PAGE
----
Every type of fabric needs a different sewing machine presser foot adjustment. Here you’ll learn how to change the presser foot tension on a sewing machine according to your own project!
Singer sewing machine presser foot adjustment
Adjusting the pressure on your presser foot is a very important step you might need to take in each and every sewing project. Setting the correct pressure on the presser foot has a big impact on your sewing project and the quality of the end result. And in this short tutorial you’ll learn a few simple tips about sewing machine presser foot adjustment.
I’ll be referring to Singer sewing machines in this tutorial, since these are the machines I own and worked with. But adjusting presser foot pressure is not only a Singer machines issue, the principle is valid for every sewing machine presser foot.
First a few words about the presser foot and the presser foot pressure before proceeding to the actual process of how to adjust presser foot pressure. The presser foot tension also known as pressure simply presses on the fabric so the sewing machine’s feed dogs can nicely pull the fabric through.
If there’s too much pressure put down on the presser foot, your fabric will pucker. Not enough pressure and the presser foot will also make your fabric pucker or your thread gets tangled, in the front or the back of your sewing project.
As a rule of thumb, presser foot pressure adjustment works like this: to sew heavy fabrics (or sewing through several layers of fabric, like in quilting), you need to have the presser foot set on light pressure, while for lighter fabrics you need a heavier pressure.
To make the necessary sewing machine presser foot adjustment you’ll first need to locate the presser foot regulator for your particular sewing machine. This can be a button, a knob, a dial (on some machines this is small, on others the dial is large), a pin that pops up or a screw. This particular machine features a screw, the white one with a plus and a minus sign on it.
These can be found either on top of the sewing machine, directly above the needle and presser foot or on the side, in the same area as your needle and presser foot.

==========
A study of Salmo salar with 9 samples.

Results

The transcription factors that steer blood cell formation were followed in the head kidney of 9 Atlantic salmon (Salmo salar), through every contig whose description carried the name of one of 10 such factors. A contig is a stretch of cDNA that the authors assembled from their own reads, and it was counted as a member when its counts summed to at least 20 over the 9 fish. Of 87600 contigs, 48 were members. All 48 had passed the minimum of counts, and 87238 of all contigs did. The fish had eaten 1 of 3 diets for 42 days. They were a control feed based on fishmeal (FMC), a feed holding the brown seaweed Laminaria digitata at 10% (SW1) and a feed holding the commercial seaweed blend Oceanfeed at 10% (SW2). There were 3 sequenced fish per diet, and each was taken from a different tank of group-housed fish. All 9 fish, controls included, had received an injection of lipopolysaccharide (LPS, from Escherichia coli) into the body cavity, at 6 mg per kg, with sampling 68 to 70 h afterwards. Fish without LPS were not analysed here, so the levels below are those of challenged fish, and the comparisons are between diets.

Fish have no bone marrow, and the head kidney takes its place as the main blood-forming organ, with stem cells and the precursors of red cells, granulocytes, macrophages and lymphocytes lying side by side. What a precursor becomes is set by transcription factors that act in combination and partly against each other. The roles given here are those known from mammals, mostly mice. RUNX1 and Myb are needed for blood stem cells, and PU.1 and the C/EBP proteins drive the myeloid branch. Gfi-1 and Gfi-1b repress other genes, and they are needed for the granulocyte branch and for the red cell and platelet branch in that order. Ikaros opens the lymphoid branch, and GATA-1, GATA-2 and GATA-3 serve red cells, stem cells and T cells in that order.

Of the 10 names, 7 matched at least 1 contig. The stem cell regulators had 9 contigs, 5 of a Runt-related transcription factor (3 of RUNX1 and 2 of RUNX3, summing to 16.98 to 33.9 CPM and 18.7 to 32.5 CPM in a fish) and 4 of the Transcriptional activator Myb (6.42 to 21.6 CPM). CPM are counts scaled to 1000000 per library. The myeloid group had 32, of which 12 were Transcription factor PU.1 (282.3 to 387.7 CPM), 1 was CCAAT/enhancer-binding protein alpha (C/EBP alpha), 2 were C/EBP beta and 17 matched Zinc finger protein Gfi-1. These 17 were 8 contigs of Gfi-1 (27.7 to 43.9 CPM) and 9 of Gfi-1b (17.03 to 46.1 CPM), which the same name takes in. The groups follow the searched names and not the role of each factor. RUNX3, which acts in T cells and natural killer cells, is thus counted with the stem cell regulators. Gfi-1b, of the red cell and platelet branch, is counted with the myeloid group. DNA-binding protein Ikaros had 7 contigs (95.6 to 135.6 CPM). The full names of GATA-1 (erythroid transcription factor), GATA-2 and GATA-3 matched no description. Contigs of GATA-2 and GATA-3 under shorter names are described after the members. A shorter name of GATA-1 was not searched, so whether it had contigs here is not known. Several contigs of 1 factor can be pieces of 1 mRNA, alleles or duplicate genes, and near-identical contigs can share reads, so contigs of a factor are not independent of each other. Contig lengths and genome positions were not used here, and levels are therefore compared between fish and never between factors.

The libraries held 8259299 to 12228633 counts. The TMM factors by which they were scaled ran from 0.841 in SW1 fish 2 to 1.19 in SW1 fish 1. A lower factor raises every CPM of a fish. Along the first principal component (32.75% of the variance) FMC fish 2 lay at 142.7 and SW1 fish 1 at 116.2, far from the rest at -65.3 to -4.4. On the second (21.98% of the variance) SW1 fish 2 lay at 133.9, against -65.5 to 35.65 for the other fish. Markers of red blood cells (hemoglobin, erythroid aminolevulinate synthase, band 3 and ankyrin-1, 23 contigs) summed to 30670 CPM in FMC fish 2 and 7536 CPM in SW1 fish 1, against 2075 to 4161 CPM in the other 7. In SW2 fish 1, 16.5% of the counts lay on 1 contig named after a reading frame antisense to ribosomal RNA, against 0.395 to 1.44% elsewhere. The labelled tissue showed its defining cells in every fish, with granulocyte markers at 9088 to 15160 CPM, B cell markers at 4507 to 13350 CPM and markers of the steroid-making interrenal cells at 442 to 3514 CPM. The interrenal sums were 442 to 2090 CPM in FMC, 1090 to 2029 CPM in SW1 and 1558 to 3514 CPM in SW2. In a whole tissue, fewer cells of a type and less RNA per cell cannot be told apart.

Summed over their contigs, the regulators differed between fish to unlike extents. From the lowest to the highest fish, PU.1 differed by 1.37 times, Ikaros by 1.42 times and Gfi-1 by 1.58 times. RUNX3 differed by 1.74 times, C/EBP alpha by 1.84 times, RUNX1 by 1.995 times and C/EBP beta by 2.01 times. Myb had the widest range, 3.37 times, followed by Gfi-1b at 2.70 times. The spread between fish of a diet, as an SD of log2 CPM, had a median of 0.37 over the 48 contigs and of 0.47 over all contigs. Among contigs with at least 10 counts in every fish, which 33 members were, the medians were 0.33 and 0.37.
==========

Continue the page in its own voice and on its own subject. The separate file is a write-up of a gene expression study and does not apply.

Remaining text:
- Sewing machine
- screw driver (for screws); most machines come equipped with the right tool for that specific type of regulator (mine comes with a little key you’ll see in the images below)
- scraps of fabric to test the pressure as you change it
- Locate your presser foot tension regulator
- If your regulator is a dial, spin it towards the plus sign to tighten the pressure. Spin towards the minus to loosen it.
- If you have a pin, pressing down the pin will make it pop up and will create a light pressure, needed for heavy fabric. Press down on the pin again to create heavy pressure if you are sewing light fabric.
- In case you have a knob, it usually comes with an indicator next to it. Pressing up or down the indicator will increase or reduce pressure on your presser foot.
- If your machine has a screw, use the screwdriver to turn the screw and change the presser foot tension. Turning the screw clockwise or towards a plus sign will create heavy pressure. When turning it counterclockwise or towards the minus sign, it will give you light pressure.
This is my screwdriver/key that came with the sewing machine. If you own a Singer, chances are yours looks pretty similar.
- Before starting working on a new sewing project, test the pressure foot tension. Sew on a scrap of fabric that is the same thickness as your project. Adjust pressure according to your results. You have the right settings when the fabric doesn’t pucker, the thread is not tangled, your stitches are of the same length and the fabric slides through the feeding dogs smoothly.
Please note: machine issues can vary, from presser foot tension to bobbin or top tension. They can also be related to wrong threading or using a wrong needle or thread type that are not appropriate for your project or even a dirty machine that hasn’t been cleaned and oiled in a long time. Most common problems are threading related. So please don’t proceed to changing the presser foot tension or any other tension before ruling out all the other issues.